Business

Harajuku Station replaced by gleaming glass box for Tokyo Games

Kyodo

The new version of Harajuku Station opened on Tokyo’s busy Yamanote loop line Saturday as visitors in masks gathered to gawk despite the coronavirus pandemic.

The new building, situated just south of the original wooden one, is a two-story structure straddling the tracks with exits facing sedate Meiji Shrine and Omotesando-dori, the busy east-west thoroughfare and upscale shopping venue.

Glass walls in the concourse allow plenty of sunlight in and give the building a bright, modern feel. The interior has tiled floors and a clear view of the old station and the tracks.

A NewDays convenience store on the first floor and a Sarutahiko Coffee shop on the second floor commenced business the same day.

“I think it’s nice,” said Unjiro Hatano, 82, who had just exited the ticket gates with his 80-year-old wife, Rieko.

Living in nearby Yoyogi, the elderly couple walk pass the station every day, Rieko Hatano said.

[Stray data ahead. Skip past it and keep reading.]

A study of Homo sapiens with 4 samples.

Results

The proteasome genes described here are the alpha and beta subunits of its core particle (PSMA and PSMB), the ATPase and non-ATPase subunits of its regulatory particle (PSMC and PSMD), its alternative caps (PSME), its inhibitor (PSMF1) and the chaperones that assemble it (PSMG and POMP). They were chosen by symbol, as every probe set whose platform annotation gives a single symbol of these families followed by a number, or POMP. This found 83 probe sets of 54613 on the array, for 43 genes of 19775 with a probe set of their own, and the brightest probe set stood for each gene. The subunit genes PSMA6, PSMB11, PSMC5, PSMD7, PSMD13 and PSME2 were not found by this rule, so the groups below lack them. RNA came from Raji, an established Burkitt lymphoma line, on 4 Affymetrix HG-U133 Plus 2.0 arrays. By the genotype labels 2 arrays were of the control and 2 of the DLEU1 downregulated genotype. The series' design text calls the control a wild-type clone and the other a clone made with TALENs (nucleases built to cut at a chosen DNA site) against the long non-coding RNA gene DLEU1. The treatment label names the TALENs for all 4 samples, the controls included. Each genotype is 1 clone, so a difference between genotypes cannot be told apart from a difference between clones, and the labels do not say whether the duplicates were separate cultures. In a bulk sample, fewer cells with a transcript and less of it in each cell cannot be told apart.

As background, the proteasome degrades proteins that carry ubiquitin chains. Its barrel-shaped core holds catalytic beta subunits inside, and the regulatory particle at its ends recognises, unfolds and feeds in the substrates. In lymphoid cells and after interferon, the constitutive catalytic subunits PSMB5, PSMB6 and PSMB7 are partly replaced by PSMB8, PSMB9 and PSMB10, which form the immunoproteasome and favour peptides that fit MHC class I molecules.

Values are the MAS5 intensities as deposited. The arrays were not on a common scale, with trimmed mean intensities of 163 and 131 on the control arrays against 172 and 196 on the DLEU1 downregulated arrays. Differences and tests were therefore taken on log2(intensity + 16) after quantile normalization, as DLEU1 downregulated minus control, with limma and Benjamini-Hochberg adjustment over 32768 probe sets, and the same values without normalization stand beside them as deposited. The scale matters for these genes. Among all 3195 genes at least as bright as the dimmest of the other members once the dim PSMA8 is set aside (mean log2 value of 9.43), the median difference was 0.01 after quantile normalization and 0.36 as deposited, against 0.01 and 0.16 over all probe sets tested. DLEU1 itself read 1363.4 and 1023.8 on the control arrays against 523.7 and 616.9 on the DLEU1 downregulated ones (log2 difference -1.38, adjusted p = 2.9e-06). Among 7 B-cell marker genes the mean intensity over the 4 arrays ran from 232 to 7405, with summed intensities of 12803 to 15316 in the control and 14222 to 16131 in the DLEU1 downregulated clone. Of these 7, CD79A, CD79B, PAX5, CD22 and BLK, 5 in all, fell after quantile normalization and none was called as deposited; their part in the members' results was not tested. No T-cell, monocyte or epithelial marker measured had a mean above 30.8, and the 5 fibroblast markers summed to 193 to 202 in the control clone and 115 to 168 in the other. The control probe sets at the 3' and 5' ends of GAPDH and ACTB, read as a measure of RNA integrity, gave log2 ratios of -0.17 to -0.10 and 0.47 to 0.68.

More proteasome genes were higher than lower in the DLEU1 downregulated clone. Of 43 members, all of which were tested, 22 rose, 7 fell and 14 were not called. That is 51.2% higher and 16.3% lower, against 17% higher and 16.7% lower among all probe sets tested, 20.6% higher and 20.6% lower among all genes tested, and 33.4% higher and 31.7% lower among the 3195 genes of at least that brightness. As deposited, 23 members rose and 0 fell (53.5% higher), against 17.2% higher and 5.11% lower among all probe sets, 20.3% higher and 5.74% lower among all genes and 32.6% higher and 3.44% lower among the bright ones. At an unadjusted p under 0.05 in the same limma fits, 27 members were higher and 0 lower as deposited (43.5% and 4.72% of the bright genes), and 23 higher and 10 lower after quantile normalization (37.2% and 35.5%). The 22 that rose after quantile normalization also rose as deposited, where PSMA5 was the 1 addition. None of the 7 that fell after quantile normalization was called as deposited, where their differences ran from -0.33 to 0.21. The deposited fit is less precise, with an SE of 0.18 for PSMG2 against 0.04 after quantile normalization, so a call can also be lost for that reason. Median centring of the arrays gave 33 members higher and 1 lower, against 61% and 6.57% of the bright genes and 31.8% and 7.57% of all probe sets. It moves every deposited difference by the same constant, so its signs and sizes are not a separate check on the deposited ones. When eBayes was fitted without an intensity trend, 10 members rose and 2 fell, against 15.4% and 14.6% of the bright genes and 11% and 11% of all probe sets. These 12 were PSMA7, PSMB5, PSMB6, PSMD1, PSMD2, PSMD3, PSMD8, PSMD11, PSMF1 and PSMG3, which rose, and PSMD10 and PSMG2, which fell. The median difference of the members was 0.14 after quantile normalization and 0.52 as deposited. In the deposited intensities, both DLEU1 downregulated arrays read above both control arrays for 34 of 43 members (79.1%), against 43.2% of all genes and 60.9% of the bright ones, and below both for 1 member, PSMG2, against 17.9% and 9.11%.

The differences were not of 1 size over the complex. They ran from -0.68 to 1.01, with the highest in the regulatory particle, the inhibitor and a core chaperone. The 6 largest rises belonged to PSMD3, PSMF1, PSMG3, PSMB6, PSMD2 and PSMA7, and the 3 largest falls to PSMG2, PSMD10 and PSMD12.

“Each time I wondered when it would be completed,” she said, adding that she was glad that many elements of the nostalgic old station are set to be retained when it is “remade” after the games.

East Japan Railway Co. (JR East) began construction on the new station building in September 2016.

The old Western-style version, which was built nearly 100 years ago, will be dismantled after the Tokyo Olympic and Paralympic Games due to its narrow shape and decades-long failure to comply with the fire code. But elements of its design will be incorporated into the new commercial building scheduled to replace it.

Harajuku Station began operating in 1906. The wooden structure was completed in 1924 to accommodate visitors to Meiji Shrine, which was built four years earlier, according to JR East.

“It is clean, but I also feel the old one was good just as it was,” said a 20-year-old university student from Saitama who was waiting for her friend in the new version.

High school student Sorato Ishikawa, who was taking photos of the new station outside, agreed it had a cleaner feel.

“The old station has been around for a while, so it was quite dirty,” the 18-year-old said. “But I was happy to use either one.”

Harajuku Station is a gateway to one of the capital’s hubs for youth culture and street fashion, providing access to the bustling shopping streets of Takeshita-dori and Omotesando-dori, and Meiji Shrine, a major tourist site.

Pedestrian access from the Takeshita-dori exit in the old station remains unchanged despite the new station opening.

In the meantime, the new shopping complex With Harajuku, just across the street from the station, is set to open on April 25. It will house the first city-style Ikea store and a Uniqlo shop, among other popular brands.